Mind Trending
Who can u blame ? Who should be blamed ? Are ADDICTS the real victims !

Dr C Rajesh Reddy

MBBS, MD, DM (Neurology)

5 min read

According to a recent survey conducted by the National Drug Dependence Treatment Centre (NDDTC), over 8.5 lakh people inject drugs into themselves and 1.18 crore people use sedatives and inhalants in India. These alarming statistics of drug abuse in the country calls for our attention to a serious yet neglected issue of ‘substance abuse’.

What is substance abuse?

Substance abuse can be best described as a pattern of detrimental use of any substance for the purpose of altering moods. These substances include drugs and alcohol – legal and illegal. Sometimes, these ‘substances’ are not drugs of any kind. Substance ‘abuse’ can be the result of using a substance that is not prescribed or recommended. An individual can use a substance and not be addicted – there is something known as substance use disorder as well.


For substances that are legal, the line between what is ‘use’ and what is ‘abuse’ is a bit blurred for many. When you have some drinks to unwind after a hard day’s work – is it abuse or just use? Drinking lots of coffee in the morning to kick-start UR day is abuse or use? What about smoking a pack of cigarettes every day? In situations such as these, individuals are the best judge. Only they decide where abuse begins and use ends! The important question that they need to ask themselves is ‘will this cause any harm?’

Drugs are illegal in the first place because of their addictive quality and due to the negative health effects they cause. Besides altering the mood, drugs can distort perceptions, cloud judgment and mess with UR reaction times.

There are many substances that are being consumed traditionally in the country. India is the second largest populous country in the world, due to which use and abuse is very common. Most prevalent among this is smoking and alcoholism. As it’s legal, substance abuse is more common – people are comfortable talking about it and it seems to be okay. Even for the general average person in our country, it seems like it’s not a very harmful thing as long as it’s consumed in limitation.

But from the medical point of view it’s not advisable – even a single cigarette can cause harm. In terms of alcohol, there are some reports that say a moderate intake of alcohol (30ml for women and 60ml for men daily) has some benefits in preventing heart strokes. Some research also states that moderate alcohol intake prevents brain stroke. This data seems to be grossly misrepresented and people don’t follow any moderation!


Let’s talk about the substances that are legal and which have social taboos attached to them – their safe and unsafe limits. Traditionally, even in the BC period, people used to consume cannabis or marijuana. After alcohol and tobacco (smoking) this is the third largest substance abuse in India. Take for example, a national housing survey that was conducted about a decade ago. People were asked if they had consumed alcohol or cigarettes in the last one year (or one month) or if they take it daily. It was found that 30% people in the country consume at least one cigarette in their lifetime. About 10% have cigarettes on a daily basis or had it during the last one month (according to question in the survey question). When it comes to alcohol, at least 25% people consume it at least once in their lifetime and 21% in the last one month. About 3.6% people use it excessively, to the extent of what is called alcohol dependence. Considering the populous nature of the country this is huge – about almost four to five crore people.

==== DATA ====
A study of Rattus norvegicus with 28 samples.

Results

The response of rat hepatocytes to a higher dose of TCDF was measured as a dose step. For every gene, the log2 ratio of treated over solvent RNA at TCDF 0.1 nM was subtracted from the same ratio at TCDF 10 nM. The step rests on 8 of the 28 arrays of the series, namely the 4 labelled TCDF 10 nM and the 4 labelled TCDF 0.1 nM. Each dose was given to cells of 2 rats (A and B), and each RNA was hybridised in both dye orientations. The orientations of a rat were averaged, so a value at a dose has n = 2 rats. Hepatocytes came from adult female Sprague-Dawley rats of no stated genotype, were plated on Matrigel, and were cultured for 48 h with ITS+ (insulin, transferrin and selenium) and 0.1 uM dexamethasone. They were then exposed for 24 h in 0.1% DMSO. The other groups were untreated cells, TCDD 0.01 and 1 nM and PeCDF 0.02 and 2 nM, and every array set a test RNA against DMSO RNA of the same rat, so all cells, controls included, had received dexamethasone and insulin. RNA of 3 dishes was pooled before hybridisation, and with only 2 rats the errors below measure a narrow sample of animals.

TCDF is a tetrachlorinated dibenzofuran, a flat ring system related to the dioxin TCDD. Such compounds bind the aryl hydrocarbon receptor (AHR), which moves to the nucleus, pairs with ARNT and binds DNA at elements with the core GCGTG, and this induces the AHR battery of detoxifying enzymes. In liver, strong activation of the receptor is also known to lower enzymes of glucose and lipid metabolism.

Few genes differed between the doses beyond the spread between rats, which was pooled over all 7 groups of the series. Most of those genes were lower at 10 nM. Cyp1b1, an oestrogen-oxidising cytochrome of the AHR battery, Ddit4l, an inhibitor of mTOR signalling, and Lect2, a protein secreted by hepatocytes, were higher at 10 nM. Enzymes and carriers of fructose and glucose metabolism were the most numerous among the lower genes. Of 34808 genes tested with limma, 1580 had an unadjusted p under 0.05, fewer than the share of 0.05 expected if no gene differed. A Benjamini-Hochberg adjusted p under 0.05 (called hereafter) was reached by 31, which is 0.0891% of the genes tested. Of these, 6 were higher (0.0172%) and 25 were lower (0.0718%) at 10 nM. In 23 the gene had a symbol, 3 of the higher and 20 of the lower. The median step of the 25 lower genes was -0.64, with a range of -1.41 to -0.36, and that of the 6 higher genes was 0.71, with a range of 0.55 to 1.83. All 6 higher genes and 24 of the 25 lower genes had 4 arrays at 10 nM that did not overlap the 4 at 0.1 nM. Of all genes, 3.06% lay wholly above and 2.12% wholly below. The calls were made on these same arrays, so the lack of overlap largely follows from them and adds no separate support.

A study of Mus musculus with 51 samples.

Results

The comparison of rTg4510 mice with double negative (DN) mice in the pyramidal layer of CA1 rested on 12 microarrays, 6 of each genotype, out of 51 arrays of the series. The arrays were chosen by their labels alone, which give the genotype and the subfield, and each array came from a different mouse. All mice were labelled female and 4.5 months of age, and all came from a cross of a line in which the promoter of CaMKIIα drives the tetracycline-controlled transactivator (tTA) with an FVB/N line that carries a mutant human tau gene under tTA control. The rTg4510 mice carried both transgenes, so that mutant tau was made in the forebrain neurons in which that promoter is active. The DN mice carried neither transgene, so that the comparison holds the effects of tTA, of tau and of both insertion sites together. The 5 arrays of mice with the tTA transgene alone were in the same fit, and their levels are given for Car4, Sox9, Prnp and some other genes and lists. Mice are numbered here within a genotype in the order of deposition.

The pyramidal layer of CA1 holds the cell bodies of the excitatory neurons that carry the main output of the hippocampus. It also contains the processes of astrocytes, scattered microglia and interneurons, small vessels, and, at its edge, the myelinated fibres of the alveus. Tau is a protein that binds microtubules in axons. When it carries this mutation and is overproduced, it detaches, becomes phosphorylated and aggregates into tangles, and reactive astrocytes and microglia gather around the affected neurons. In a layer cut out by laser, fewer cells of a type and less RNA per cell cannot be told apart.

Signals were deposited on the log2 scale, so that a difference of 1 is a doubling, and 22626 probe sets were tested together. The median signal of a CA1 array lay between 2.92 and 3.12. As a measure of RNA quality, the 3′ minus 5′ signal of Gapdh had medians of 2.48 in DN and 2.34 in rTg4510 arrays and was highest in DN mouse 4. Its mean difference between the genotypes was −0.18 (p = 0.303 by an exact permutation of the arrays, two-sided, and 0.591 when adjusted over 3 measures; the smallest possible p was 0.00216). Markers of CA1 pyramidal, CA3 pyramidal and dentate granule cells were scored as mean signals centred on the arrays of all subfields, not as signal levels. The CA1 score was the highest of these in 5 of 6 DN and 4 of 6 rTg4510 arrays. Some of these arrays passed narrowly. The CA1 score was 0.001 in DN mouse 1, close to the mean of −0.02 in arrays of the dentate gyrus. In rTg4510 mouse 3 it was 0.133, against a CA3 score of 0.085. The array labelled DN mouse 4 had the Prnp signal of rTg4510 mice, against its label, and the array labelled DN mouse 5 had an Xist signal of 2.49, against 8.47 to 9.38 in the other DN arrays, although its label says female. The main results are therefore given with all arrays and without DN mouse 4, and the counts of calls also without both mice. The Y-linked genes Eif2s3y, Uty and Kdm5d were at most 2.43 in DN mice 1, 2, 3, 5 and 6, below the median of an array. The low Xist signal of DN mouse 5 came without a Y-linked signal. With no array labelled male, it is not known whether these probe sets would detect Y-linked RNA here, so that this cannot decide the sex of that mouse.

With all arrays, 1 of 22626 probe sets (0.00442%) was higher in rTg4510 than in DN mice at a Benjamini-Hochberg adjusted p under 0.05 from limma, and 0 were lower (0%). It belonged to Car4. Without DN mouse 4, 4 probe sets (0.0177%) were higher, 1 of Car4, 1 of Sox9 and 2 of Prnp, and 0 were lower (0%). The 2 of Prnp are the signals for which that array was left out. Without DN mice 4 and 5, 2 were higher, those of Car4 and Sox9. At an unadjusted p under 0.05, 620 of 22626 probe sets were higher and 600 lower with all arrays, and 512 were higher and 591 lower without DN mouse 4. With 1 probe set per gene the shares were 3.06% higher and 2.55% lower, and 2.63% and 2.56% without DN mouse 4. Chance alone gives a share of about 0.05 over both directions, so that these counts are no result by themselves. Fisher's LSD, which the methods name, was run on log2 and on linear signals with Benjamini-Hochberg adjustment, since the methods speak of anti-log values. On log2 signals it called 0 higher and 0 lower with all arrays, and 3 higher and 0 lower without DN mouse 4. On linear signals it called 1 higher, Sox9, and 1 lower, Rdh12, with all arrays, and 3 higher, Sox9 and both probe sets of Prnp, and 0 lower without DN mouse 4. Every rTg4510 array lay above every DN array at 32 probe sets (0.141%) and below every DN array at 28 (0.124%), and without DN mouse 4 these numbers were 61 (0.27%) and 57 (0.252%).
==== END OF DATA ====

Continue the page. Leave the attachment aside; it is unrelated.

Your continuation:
Speaking of marijuana, at least 4.6% of the population has taken it at least once in their lifetime. This too is a huge number, considering it is not legal. Somehow they manage. These facts have come to light through the survey. Cannabis as a form of addiction is about 1.6%.

Following cannabis, we have opium and opium derivatives. The synthetic form of opium comes into the country from the Border States where there is widespread cultivation. Apart from this, we have newer drugs known as club drugs or recreational drugs which include stimulants like amphetamine, MDMA (ecstasy) etc.

Many argue that these recreational drugs are not harmful and are merely for use and not abuse. Those who smoke marijuana ardently support recreation drugs. Their argument is that it is not addictive but in fact, has helpful qualities unlike the other drugs that are considered ‘hard’ drugs. According to recent studies, even marijuana is harmful for health and may have harmful mental, physical and psychomotor effects.

When stimulants are used they open up breathing and increase the heart rate. Users feel more energetic and alert with its use. When prescribed and taken in a proper way, they are very effective for treatment of ADHD, depression and narcolepsy. The stimulants that are abused include amphetamine and dextroamphetamine. Overdose of these can be fatal.

The side effects include headache, tremors, heart palpitations, hallucinations, paranoia, panic etc. When taken in high doses by abusers – stimulants can cause seizures, an irregular heartbeat and heart failure too! It’s important to remember that over-the-counter drugs and prescription drugs can be abused in the same way as other drugs.